Fully staffed Team 5 focuses on patrolling
Proactive patrolling to encourage social distancing and to keep neighborhoods safe is a top priority for the City of Charleston Police Department’s Team 5, which covers Daniel Island and parts of the Cainhoy peninsula.
There are 20 officers actively assigned to the team; 18 of them work three defined geographic beats to patrol roads, downtown areas, parks, playgrounds, and residential neighborhoods. To prevent the spread of COVID-19, the office building on Seven Farms Drive is closed to the public, but the squad is fully staffed.
“Officers normally assigned to school-related duties throughout the city have been temporarily reassigned to assist patrol with calls for service which includes additional officers being assigned to Team 5,” according to Lieutenant Matthew T. Wojslawowicz.
The department took a preventative approach beginning in mid-March and implemented guidelines for distancing as well as increased sanitation.
“Early on,” Wojsławowicz said, “the department instituted procedures meant to increase social distancing which include holding roll calls at the beginning of each shift outside and taking report calls over the phone to lessen the chances of officers and citizens coming into contact with or potentially spreading the coronavirus.”
Outdoor roll calls are held daily to de-brief officers, review current crime trends, and share important information. Wojslawowicz said that other meetings have been covered through conference calls or online through apps such as Zoom.
The department is still receiving some reports of social distancing violations, as well as a spike in vandalism and petty theft cases. Wojslawowicz believes the incidents are related to school closures.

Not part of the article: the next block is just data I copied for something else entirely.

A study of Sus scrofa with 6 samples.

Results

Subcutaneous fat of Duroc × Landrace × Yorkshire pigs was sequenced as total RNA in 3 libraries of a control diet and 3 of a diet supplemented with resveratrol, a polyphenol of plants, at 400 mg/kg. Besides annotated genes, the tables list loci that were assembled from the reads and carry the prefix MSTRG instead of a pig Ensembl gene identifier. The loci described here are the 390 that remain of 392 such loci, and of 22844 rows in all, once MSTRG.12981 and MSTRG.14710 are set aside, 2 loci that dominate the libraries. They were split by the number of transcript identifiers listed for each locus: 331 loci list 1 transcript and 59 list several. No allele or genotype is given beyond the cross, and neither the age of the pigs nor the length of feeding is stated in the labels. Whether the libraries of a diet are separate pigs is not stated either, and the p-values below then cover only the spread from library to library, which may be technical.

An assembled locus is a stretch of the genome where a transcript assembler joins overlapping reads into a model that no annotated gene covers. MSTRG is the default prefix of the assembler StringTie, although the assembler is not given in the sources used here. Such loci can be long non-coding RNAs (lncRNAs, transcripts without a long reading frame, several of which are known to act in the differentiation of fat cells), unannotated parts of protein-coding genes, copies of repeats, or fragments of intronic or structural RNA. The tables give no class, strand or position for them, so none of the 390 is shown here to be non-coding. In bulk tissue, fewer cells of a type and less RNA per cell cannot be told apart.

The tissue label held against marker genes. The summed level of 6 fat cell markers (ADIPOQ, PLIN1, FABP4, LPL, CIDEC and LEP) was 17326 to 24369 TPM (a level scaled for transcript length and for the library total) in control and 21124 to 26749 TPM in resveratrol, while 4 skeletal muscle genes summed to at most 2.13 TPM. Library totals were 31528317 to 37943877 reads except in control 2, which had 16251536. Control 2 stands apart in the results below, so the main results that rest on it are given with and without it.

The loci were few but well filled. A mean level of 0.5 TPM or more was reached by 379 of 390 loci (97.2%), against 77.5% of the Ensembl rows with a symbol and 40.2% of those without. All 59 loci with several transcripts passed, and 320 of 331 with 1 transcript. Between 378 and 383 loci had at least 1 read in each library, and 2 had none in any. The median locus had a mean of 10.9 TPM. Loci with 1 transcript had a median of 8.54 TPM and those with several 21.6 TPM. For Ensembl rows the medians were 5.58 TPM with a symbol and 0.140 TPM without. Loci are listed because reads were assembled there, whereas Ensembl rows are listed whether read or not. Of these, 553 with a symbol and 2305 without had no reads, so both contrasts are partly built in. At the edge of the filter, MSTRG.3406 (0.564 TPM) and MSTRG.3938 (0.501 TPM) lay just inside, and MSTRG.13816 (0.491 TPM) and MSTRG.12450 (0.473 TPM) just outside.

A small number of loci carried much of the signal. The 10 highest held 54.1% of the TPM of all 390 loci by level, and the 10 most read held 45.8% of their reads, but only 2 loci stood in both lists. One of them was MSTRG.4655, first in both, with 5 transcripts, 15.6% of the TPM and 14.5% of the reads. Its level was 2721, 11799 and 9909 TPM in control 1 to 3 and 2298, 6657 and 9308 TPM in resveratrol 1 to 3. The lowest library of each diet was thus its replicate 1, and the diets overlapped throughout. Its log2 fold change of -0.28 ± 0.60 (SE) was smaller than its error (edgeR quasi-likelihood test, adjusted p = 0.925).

Jane Baker, vice president of community services for the Daniel Island Property Owners’ Association (POA), has seen similar problems arise.
“Over the last several weeks, the POA has had several trespassing issues with kids breaking into community amenities since they have been closed. This is especially concerning at our pools, due to the fact that they are currently not being maintained daily and swimming is not safe,” she said.
Additionally, the POA reported that park signage was stolen after Charleston Mayor John Tecklenberg directed that parks and playgrounds be closed.
“We are unaware if the signs were removed by kids or adults, but it was disheartening to say the least,” Baker said.
The POA received approximately 50 direct phone or email complaints from residents about social distancing requirements not being followed. The reports include infractions by kids as well as adults.
“I would say that the number of calls and emails to the POA has decreased over the last four days,” Baker said last week. “[The police] are doing their very best, and it is important to note that they have 4,000 acres to cover on Daniel Island, including ensuring property owners and businesses are safe and crime remains low.”
Wojslawowicz also noted that not every citizen is willing to follow the ordinance, but complaints are decreasing each week and the department is looking for voluntary compliance.
According to Baker, the current problem areas with crowding continue to be the beach areas near Waterfront Park at the end of River Landing Drive, as well as areas under development.
As a whole, crime rates are down on Daniel Island compared to this time last year.
“Calls for service have decreased in the 30-day period between March 18th and April 15th when compared with the same time period a year ago. In 2019, there were 34 incident reports generated versus 25 during the same period this year in Team 5,” remarked Wojslawowicz.
To report an issue to the Charleston Police Department, call 911 if there is an emergency or for a non-emergency, contact the dispatcher at 843-743-7200.